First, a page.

What Is Color Therapy?

Color therapy, also known as chromotherapy, incorporates color into one’s treatment, whether it be through the use of colored lights, specific daily color choices (i.e., clothing, paint colors, etc.), or colored imagery. It is a practice rooted in ayurvedic medicine and is practiced globally, particularly in areas of Japan, India, and Egypt.

Color therapy can be helpful in the treatment of:



Seasonal affective disorder

Sleep disorders

Attention deficit hyperactivity disorder

Post-traumatic stress disorder

Postpartum depression

History of Color Therapy

The history of color therapy dates back to ancient Egypt, Greece, India, and China. These cultures focused on tapping into ayurvedic medicine and understanding the healing properties of colors. For example, many temples were built to reflect light in certain ways, and houses were painted to induce different energies and moods. In Indian culture, it is believed that colors are linked to one’s chakra. Thus, using colors in treatment can help align and fix a person’s chakras.

Types of Color Therapy

Including color therapy into your life does not need to be complicated. Think about it–we see colors everywhere, all of the time. Wearing particular clothes, looking at certain images, and colored light bulbs can make a difference in your mood and disposition throughout the day. Color therapists argue that each color elicits particular changes and are therefore used differently throughout treatment.

The types of color therapy include:

Red: The color red is a powerful color that increases energy by stimulating the lymphatic system. However, red may also trigger stress as it is often used to notate the end of something or alert someone of danger.

Orange: This color is often associated with one’s mind-body connection. Using this color in therapy may help with healing one’s relationship with food.

Yellow: Yellow is often associated with happiness because of the warmth that it brings. When a person is exposed to yellow, they feel safe; when they are safe, they are happy.

Green: Green is a natural color and commonly associated with grass, trees, and other vegetation. Thoughts of nature can help a person feel calmer and more relaxed.

Blue: Blue light wavelengths are shorter, thus increasing one’s sense of alertness. Blue light therapy can be used to help a person feel more focused.

Color Therapy Techniques

Color therapy can be introduced via one’s sense of touch and sight. This is due to the fact that natural light wavelengths directly influence these two senses within the brain.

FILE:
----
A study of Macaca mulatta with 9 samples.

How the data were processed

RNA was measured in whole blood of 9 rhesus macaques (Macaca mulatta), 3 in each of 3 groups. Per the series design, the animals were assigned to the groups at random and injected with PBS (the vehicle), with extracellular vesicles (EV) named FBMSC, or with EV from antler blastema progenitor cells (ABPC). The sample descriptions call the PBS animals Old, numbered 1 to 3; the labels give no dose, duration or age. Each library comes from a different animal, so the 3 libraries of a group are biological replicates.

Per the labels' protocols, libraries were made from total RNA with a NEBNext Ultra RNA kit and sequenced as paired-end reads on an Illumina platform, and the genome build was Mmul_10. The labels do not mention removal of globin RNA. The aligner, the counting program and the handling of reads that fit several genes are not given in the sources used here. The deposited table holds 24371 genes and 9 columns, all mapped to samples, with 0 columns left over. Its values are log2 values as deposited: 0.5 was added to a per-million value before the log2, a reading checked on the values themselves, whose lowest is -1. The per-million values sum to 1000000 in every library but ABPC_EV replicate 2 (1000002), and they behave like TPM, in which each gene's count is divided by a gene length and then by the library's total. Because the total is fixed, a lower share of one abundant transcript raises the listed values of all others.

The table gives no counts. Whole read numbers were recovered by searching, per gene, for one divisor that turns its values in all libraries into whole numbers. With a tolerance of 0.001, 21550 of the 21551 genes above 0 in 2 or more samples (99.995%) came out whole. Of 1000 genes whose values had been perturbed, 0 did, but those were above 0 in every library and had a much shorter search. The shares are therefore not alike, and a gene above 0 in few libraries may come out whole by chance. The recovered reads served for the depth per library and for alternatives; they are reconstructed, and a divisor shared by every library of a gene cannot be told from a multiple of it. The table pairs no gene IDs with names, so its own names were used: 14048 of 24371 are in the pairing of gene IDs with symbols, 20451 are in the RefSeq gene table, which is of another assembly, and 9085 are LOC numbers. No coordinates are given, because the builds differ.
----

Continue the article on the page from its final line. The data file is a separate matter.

Color therapy may be administered via:

Eyesight: This may be done by exposing a person to certain colors throughout the day, such as the paint colors in their home, the clothes they wear, or the color of light bulbs in their workplace.

Skin contact: Color therapy may be introduced in the form of face masks, sleeping bags, or other products that utilize colored LED lights. These amplify the appropriate colors in treatment depending on the desired outcome.

6 Benefits of Color Therapy

Color therapy has many benefits, especially in the treatment for symptoms of anxiety, depression, and many other conditions. Furthermore, when we feel less anxious or sad, we may have more opportunities to improve other aspects of our lives.

Here are six possible benefits of color therapy:

1. Stress Management

Stress management can be tough. We are constantly dealing with life struggles, which can ultimately negatively affect both our minds and bodies. Color therapy helps you decrease the impacts of this stress through mood boosting properties. You can adopt color therapy practices as a stress management skill by simply changing the colors in your surroundings.

2. Decreased Seasonal Affective Disorder Symptoms

When addressing seasonal affective disorder (SAD), color therapists focus on using colors to elevate dopamine levels that may be depleted during the winter season. During this period, days are typically shorter and darker. By changing the colors that surround a person, whether it by wearing brighter colors or introducing special lights, an individual is able to bring warmth and comfort back into their home despite the changing seasons.

3. Improved Sleep

Insomnia can greatly impact a person. Chromotherapy can help a person identify certain colors that make them feel more relaxed at night, thus positively impacting their sleep patterns. For example, limiting blue light before bed is important.

4. Energy Rejuvenation

Being exposed to happy, bright colors can help a person feel more rejuvenated, because they increase mental brain activity. Therefore, a person is more energized and ready to go about their day. This can be helpful when dealing with the low-energy levels associated with depression.

5. Reduced Anger

Color therapy can help reduce a person’s anger, as it works to create environments that elicit feelings of calm and happiness, rather than aggression. Try including pops of bright colors like yellow or orange in your home or as a part of your daily attire.

6. Improved Relationships

When a person is dealing with excessive stress or sadness, their communication with others may not be the greatest. Because color therapy is believed to help replace such emotions with positive ones, a person may be more open to socialization. Therefore, they can work to further develop their current relationships or seek new ones.

Is Color Therapy a Good Fit for Me?

If you have not responded well to other treatment modules, color therapy may be beneficial. Considering a more holistic approach is never a bad idea, but it’s important to consult with a clinician who specializes in color therapy to determine if it’s a good fit for you. Everyone reacts differently to therapy, so you should not expect to experience the same results as another person.